A lot or a little?
The parents' guide to what's in this book.
What parents need to know
Parents need to know that this book was written as a resource for parents and as a guide for adolescent girls who struggle with weight issues. This is not about diets or quick fixes; Dr. Susan acknowledges the sudden changes to the body caused by puberty and genetic factors. She offers ways for parents to support without micromanaging, discusses how emotions play a role in what we eat, and offers alternatives for teens who don't like exercise.
What's the story?
Dr. Susan starts this guide with introductory words about how parents can use this book; and then in a separate section she writes \"for the girls\" about what they can expect from reading it.
\ \ Each of the 12 chapters covers a specific issue in weight gain: liking your body and taking control, puberty, genes, fashion, feelings and eating, family patterns, diets, real eating, eating out healthy, eating disorders and exercise. Within each chapter are tips from teens that are highlighted in pink, and more from Dr. Susan that are often bulleted (with pink flowers or hearts).
\ \ In her concluding chapter, the author provides her email address, asking readers to let her know how this book helped. She also provides lists of Web sites, books, and other useful stuff.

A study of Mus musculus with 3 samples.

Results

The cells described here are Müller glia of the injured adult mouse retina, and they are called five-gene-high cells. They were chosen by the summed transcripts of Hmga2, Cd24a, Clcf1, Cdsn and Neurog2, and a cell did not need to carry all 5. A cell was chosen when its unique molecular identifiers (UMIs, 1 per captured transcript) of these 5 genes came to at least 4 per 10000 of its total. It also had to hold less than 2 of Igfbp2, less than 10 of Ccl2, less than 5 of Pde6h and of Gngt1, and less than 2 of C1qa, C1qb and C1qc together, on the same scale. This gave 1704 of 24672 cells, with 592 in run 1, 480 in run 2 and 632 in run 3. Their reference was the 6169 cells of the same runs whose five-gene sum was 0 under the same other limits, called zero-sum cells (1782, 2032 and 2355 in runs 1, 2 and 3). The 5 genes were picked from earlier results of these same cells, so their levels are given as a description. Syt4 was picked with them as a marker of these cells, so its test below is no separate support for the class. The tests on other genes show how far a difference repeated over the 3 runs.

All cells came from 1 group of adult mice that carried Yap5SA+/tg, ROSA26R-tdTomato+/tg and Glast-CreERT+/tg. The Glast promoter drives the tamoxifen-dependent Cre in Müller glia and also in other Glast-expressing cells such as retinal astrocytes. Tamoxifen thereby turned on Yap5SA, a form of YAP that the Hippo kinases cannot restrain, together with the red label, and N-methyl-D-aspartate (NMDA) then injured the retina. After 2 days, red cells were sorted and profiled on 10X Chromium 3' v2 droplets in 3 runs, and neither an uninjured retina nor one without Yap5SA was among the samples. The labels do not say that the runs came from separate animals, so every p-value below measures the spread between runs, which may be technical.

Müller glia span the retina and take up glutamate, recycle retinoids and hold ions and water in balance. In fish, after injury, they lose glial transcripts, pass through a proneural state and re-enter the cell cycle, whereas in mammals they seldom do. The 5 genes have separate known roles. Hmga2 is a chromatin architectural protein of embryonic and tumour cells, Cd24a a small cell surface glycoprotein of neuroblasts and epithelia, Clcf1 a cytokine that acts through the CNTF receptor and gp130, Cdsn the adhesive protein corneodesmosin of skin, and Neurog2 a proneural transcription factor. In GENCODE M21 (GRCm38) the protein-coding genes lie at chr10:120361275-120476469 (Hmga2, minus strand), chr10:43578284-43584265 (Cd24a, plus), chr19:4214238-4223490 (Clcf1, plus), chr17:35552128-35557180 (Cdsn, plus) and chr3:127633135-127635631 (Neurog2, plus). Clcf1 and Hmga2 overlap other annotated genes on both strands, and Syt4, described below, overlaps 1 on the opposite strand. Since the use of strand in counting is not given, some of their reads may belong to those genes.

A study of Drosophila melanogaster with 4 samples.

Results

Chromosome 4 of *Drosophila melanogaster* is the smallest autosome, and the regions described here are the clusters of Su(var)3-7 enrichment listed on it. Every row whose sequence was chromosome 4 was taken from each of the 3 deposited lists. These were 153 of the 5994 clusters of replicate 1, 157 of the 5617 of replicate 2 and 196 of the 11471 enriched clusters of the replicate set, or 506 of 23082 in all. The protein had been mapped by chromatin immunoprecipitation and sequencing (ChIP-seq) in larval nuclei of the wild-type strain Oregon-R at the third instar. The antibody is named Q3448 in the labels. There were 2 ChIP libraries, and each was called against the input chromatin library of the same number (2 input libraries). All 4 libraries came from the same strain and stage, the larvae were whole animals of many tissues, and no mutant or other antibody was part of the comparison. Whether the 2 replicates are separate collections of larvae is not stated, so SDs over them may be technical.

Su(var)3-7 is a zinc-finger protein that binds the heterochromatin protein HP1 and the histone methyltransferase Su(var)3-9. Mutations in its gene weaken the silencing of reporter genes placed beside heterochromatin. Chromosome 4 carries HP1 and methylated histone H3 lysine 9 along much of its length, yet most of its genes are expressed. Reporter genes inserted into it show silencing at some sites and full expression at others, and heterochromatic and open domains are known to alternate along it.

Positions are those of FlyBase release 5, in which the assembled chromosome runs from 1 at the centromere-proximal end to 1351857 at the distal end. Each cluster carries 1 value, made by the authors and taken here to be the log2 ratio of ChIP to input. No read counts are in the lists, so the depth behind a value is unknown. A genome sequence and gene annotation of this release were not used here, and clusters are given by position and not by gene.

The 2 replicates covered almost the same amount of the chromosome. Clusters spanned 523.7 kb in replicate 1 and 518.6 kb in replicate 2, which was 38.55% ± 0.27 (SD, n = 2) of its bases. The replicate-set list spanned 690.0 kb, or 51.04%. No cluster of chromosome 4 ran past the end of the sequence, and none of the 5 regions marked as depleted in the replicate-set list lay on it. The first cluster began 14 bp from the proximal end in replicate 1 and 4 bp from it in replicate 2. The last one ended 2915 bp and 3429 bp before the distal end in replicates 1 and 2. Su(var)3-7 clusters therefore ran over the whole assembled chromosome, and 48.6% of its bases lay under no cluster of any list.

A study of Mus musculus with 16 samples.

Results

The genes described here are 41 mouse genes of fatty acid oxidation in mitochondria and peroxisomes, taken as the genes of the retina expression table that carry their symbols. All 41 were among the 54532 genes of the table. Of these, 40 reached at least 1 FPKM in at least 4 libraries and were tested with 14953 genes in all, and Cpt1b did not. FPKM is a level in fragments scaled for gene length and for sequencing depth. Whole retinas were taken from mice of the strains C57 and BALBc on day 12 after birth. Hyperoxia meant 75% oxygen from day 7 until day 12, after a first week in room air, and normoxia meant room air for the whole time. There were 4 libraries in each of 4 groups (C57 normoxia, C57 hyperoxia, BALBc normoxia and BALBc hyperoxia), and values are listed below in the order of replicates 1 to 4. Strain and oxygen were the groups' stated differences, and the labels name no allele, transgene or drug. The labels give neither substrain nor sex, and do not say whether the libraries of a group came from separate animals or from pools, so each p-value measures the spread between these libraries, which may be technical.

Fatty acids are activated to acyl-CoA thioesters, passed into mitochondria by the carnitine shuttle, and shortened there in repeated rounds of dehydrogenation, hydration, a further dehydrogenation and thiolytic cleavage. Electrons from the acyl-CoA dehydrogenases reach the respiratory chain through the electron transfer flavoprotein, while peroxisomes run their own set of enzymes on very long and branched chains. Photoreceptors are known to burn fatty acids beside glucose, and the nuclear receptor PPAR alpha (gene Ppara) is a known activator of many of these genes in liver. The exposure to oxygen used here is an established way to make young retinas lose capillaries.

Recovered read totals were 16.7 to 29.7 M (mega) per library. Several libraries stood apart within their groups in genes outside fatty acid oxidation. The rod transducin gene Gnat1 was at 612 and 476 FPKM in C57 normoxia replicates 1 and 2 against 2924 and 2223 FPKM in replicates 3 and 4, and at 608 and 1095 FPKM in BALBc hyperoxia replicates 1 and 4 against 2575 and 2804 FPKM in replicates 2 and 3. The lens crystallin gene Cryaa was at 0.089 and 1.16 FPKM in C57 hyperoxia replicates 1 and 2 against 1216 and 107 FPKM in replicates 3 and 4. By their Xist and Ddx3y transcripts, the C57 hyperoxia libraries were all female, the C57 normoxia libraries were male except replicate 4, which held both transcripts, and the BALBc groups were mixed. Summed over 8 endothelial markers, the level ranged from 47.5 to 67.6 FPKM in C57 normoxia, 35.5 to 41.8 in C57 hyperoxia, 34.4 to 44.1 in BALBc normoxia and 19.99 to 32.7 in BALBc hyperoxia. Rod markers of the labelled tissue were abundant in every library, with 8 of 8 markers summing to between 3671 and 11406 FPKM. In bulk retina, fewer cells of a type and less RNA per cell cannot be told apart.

Is it any good?
The title might alarm for parents, but it's just a hook to get readers. This smart book isn't about diets -- it's about helping girls understand that their weight is about more than what they eat. Dr. Susan Bartell explains the genetics, the physiology, and the psychology that play critical roles in weight gain and loss. She writes in terms that girls will understand, and with kindness and a bit of humor.
She employs another clever tool to connect with teen readers -- other teen girls. An advisory group of 12 preteen and teen girls read, discussed, and edited her book, and then added their real-life experiences. Pink polka dot graphics; quizzes on self-control, body type, self-love and food attitude; and a multitude of tips make this a book older tweens and teens will read from cover to cover. This also is a guide for parents to better understand how their daughters feel about their weight, providing advice on how to offer support without alienating teens.
Talk to your kids about ...
Families can talk about the title and cover art. Why did the author put "weight loss" in the title, instead of focusing on health? Would you have been as likely to pick it up if the girls on the front had been heavier? The book might help families talk about sensitive issues, from individual weight struggles to the family diet and how family members can be supportive of each other's bodies.